Palmerton woman hopes to feed hungry through donation boxes
Maxine Scherer wants to bring food donation boxes to Palmerton. DANIELLE DERRICKSON/TIMES NEWS
Maxine Scherer wants to bring food donation boxes to her town, and she needs help from the community to do it.
Scherer was working at State Farm in Whitehall when she first saw the impact the small, wooden containers could have.
“Right across the street from where I worked, there was a church, and in the yard of the church were these two boxes,” Scherer remembered.
“Throughout the day, I’d see six, 10 people sometimes going in and out of these boxes. When I looked at the boxes, the food box — a lot of times — was empty.”
Every paycheck, Scherer would head to the Dollar Tree and fill her cart with $20 to $30 worth of food to fill the church’s boxes.
“It warmed my heart and it made me feel good thinking that this was a way for people who didn’t have something to eat to get something to eat,” she said. “I thought, ‘Why not do something like that in our own community?’ ”
Food insecurity, the Palmerton woman said, might be a bigger problem in the borough than some think.
Before Scherer started working in insurance, she was an in-home caregiver.
There was one client in particular she remembered: An elderly woman, who Scherer cooked for and took grocery shopping.
“A lot of times she would only eat half of her lunch, and when I would ask her why she would only eat half of her lunch, she would tell me that if she didn’t save the other half for dinner, she would never make it through the month,” Scherer said.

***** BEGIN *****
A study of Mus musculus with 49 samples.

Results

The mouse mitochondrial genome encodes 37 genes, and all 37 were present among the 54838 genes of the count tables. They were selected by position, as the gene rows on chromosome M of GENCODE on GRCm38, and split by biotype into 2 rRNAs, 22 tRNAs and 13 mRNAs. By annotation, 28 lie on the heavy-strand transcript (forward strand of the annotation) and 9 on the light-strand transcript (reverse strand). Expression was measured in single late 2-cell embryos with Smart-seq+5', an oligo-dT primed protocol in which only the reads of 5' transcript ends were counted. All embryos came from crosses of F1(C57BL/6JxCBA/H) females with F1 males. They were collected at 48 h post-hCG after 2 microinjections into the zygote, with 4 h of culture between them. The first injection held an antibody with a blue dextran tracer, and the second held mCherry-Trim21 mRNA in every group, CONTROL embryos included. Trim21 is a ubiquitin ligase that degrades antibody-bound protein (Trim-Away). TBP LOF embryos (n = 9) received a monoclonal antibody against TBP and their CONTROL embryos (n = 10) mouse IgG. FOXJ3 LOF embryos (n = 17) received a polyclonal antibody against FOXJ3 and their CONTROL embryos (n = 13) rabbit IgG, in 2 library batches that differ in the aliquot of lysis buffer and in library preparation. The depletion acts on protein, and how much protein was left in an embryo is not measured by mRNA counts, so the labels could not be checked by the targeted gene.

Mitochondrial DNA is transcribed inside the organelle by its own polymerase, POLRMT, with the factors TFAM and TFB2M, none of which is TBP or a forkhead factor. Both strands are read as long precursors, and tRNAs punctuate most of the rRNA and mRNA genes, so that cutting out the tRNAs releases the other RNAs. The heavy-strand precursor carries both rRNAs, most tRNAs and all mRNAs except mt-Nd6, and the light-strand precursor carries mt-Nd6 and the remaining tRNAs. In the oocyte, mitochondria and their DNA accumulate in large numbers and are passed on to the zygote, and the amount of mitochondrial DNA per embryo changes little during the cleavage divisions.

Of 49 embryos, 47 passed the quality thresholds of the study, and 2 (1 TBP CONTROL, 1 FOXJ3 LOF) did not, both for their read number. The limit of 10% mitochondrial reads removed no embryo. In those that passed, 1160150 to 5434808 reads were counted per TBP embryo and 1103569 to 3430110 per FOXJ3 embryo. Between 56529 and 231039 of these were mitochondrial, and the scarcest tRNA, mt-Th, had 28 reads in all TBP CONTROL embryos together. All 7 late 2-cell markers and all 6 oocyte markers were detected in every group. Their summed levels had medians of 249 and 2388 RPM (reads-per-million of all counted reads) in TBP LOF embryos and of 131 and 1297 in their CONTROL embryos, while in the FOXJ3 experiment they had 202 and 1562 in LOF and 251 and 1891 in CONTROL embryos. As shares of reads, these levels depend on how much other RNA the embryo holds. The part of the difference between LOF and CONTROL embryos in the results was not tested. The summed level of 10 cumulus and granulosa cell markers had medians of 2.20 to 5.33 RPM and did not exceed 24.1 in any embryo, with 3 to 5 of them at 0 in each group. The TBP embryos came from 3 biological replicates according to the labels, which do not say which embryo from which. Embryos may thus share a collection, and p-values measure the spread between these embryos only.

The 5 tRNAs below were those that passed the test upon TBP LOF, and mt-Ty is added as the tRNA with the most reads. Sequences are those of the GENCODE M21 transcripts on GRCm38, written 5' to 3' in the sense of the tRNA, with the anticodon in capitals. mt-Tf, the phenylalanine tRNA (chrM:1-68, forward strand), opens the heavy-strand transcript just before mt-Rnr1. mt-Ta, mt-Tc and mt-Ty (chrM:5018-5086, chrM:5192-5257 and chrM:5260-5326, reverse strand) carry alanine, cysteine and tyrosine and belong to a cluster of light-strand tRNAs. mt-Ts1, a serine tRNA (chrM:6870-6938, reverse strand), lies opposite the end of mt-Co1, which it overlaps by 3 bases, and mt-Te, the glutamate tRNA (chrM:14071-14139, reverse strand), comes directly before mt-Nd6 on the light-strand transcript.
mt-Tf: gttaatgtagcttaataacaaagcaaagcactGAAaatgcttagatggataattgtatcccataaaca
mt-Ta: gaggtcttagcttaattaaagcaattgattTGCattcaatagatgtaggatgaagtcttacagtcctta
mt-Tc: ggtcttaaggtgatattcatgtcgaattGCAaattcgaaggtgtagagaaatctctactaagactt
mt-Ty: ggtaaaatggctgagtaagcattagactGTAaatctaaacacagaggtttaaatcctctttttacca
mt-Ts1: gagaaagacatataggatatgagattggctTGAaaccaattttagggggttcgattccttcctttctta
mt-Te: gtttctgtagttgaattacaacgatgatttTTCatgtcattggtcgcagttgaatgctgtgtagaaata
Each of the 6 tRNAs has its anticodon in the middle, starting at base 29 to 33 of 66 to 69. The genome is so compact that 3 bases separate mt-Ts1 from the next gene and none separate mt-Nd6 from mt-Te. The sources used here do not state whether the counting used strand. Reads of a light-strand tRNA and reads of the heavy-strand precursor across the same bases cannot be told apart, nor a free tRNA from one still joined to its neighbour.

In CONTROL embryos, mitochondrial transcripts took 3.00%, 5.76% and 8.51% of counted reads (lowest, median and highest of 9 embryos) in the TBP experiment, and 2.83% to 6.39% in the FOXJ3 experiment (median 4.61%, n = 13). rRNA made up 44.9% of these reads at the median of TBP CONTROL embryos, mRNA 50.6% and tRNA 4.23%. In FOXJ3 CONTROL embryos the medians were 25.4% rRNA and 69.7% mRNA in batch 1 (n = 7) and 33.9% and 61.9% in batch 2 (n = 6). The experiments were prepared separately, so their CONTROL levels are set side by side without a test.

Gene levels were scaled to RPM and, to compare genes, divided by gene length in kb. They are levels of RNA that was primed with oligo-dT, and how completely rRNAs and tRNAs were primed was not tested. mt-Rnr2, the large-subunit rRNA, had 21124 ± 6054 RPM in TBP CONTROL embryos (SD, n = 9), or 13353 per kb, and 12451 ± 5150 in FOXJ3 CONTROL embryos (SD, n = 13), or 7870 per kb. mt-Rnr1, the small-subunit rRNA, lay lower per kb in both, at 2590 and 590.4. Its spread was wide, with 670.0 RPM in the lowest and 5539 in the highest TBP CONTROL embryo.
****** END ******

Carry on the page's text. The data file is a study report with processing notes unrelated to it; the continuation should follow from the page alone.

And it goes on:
“How many other people in Palmerton go hungry on a daily basis?”
There’s a reason Scherer is pushing for food donation boxes. They offer anonymity to those who need them.
“When I was a single mom and it was just me and my son, you had what you had,” she said. “You were kind of afraid to go (to the food bank), because you didn’t want people to know that you were hungry, or you know, you might recognize someone else there.”
Scherer brought her idea to the Palmerton Borough Council during a recent meeting. She passed around pictures of the boxes she had seen in Whitehall, telling council that she’d like to set up similar boxes, labeled “food” and “toiletries,” in the area.
Councilman Kris Hoffner responded to Scherer’s proposal by saying that as a municipality, Palmerton is “limited in what we can do.” But he encouraged Scherer to reach out to area nonprofits that would be “more than willing to take this and run with it.”
“The good thing is you’re getting this message out,” Hoffner told Scherer.
Scherer is still looking for other easily accessible venues where the donation boxes could stand. She wants to find people willing to help build and decorate the boxes and to source building materials through donations.
“When those boxes get placed — the day they get placed — I promise you I will fill them,” Scherer said.
If you’re interested in donating toward the boxes, or aiding in their construction, email Scherer at email@example.com.